Andrew studied economics and politics at the University of Cambridge.
On graduation he was employed as a Fellow of the Overseas Development Institute, placed in the Ministry of Agriculture in Dar es Salaam, Tanzania. From there he moved to teach project appraisal and development economics first at the University of Dar es Salaam and subsequently at the University of Bradford, England. His book Tanzania: A Political Economy (Oxford University Press 1982, second edition 2013) has become the standard study of Tanzania in the 1970s.
From 1982-4 he was a section leader in the newly-formed Employment Department of Sheffield City Council.
In 1984 he joined INLOGOV, the Institute of Local Government Studies, part of the University of Birmingham, England, to teach local economic development. He subsequently developed work on compulsory tendering and contracting in local government, and the relationships and trust which are necessary to make a success of a contract. He has written about the dynamics of partnership working, comparative local government (he edited two books on local government in central and eastern Europe), political leadership, partnership working, PFI, and the politics of British local government.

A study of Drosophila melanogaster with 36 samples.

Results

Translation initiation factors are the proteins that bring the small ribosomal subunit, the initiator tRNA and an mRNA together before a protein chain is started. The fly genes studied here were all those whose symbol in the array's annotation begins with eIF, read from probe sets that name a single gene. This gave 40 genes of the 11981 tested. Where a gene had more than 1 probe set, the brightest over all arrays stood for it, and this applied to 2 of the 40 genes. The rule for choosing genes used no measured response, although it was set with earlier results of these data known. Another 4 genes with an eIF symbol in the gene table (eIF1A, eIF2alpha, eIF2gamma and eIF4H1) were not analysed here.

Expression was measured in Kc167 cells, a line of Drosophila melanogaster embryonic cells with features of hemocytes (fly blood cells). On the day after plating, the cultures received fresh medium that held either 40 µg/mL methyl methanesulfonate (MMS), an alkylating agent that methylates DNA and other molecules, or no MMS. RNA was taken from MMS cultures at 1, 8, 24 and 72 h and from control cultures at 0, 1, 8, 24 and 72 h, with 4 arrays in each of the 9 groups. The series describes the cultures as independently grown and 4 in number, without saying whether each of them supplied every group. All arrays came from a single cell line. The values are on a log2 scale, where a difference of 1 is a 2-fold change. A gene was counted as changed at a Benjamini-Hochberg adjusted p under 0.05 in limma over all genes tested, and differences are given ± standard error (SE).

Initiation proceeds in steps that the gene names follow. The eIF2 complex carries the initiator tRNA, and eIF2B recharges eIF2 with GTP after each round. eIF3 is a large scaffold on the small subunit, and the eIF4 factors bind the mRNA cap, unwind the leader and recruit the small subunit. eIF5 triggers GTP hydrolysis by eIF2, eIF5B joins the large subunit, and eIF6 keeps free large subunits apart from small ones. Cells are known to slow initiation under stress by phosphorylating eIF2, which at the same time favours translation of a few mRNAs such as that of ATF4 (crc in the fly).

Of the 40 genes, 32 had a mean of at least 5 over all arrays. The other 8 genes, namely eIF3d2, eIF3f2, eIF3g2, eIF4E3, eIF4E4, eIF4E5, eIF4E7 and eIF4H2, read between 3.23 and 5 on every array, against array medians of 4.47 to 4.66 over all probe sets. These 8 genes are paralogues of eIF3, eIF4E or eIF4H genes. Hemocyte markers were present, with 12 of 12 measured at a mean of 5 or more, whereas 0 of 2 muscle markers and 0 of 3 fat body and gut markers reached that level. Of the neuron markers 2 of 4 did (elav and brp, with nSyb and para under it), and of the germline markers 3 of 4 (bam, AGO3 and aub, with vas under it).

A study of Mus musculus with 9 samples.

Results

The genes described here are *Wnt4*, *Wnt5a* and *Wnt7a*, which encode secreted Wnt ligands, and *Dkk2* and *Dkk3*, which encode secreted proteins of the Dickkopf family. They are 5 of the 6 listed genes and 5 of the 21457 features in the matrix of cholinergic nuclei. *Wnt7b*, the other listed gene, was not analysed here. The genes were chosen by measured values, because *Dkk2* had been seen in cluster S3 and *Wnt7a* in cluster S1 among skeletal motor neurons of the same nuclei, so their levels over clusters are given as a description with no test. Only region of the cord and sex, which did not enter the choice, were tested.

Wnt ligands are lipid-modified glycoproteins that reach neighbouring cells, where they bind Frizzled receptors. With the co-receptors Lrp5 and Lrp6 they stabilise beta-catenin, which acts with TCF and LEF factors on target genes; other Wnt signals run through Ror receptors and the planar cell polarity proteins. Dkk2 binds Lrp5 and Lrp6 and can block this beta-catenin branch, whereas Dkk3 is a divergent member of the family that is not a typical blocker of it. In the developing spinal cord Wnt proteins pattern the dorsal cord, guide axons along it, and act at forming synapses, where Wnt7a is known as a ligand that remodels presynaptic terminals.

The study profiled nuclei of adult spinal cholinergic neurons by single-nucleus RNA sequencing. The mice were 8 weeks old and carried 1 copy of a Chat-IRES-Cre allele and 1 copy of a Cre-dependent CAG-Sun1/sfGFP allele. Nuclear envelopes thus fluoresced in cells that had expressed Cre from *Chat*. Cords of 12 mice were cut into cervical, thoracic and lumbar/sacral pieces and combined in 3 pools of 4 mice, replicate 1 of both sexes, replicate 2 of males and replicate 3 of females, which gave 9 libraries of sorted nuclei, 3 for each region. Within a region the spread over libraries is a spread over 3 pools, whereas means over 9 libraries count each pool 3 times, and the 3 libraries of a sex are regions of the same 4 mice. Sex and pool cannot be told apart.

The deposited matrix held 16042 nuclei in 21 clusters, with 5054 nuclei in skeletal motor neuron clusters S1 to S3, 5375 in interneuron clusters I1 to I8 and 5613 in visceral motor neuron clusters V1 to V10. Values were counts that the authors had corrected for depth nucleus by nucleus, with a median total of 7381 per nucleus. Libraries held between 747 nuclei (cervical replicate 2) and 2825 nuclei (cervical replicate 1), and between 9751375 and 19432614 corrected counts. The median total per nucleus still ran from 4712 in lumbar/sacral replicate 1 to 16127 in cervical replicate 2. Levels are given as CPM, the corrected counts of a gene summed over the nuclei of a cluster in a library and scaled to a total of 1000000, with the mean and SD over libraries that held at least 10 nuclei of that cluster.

His current interests are focussed on "scrutiny" – broadly the equivalent in local government of select committees in the Westminster parliament. He runs day seminars and workshops, training for local councillors and council employees, and three-day courses at post-graduate level. He has written articles and edited a pioneering book on the subject.
He is Chair of Birmingham Fabian Society, a thinktank which promotes discussion and writing about the theory and practice of politics in the UK and Vice-Chair (Policy) of Birmingham Northfield Constituency Labour Party.